In a surprise announcement this week, Uber indicated that it will focus its planning and investments on its new electric scooter and bike business instead of on cars. The ride-hailing innovator that has upended traditional taxi services around the world and spurred the rise of several rival companies in America, Europe and Asia says that it will move forward even though the investments might hurt profits.
Uber’s CEO, Dara Khosrowshahi, says it is part of the company’s plan to diversify its offerings by providing more services than merely booking cars.
Khosrowshahi also believes that the growth potential for individual modes of travel is larger in congested inner cities. Scooter rentals are also both cheap and convenient on journeys that are short and frequent.
“It is very inefficient for a one-ton hulk of metal to take one person 10 blocks,” he said to the Financial Times. “Strategically...this is where we want to head.”
The firm has already invested in several bike firms in the past year, including the American-based Jump electric bikes, which currently offers bike rentals in New York, Washington, and six other US cities. Jump plans to expand their operations to Berlin later this year.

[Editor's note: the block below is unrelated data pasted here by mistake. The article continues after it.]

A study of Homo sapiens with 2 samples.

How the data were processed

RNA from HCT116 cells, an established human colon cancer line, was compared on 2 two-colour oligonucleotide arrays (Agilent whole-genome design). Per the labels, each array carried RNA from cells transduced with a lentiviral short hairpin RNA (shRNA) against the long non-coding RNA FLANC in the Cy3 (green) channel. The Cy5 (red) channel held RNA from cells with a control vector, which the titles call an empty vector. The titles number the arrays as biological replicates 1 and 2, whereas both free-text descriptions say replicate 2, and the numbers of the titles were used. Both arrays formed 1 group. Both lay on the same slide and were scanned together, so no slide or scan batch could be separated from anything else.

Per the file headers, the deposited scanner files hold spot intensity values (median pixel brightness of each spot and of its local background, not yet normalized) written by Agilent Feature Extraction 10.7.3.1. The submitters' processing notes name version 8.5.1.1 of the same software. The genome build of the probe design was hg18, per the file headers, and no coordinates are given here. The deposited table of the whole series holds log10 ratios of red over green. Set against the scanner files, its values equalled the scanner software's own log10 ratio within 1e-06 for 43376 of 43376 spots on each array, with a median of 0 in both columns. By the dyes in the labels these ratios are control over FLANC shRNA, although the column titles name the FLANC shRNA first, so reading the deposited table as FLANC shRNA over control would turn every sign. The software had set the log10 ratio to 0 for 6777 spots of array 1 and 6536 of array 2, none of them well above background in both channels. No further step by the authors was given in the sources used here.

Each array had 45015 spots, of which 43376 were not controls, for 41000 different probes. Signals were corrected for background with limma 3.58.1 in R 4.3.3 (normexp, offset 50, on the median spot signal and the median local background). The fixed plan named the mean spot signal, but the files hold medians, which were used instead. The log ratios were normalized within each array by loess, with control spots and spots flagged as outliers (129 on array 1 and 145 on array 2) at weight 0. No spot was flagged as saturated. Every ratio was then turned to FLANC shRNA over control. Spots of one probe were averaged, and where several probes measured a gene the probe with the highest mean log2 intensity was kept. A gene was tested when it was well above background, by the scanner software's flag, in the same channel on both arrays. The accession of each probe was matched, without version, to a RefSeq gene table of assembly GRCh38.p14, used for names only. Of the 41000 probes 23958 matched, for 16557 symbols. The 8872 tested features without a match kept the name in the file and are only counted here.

Uber has also partnered with Lime, an electric scooter firm, and is exploring other deals with companies involved in public transport and freight.
For Khosrowshahi’s bet to be right, customers will need to be willing to pay for many more trips since rides will be significantly cheaper.
Uber faces pressure as it prepares for a public offering next year but failed to turn a profit last year, posting a $4.5 billion loss instead. Meanwhile, costs in ride sharing and new investments have been rising faster than revenue. This month, New York’s City Council voted to set a temporary cap on new licences for ride-hailing drivers in order to bring down congestion in the city, and Sadiq Khan, London’s major, has promised to seek a similar restriction.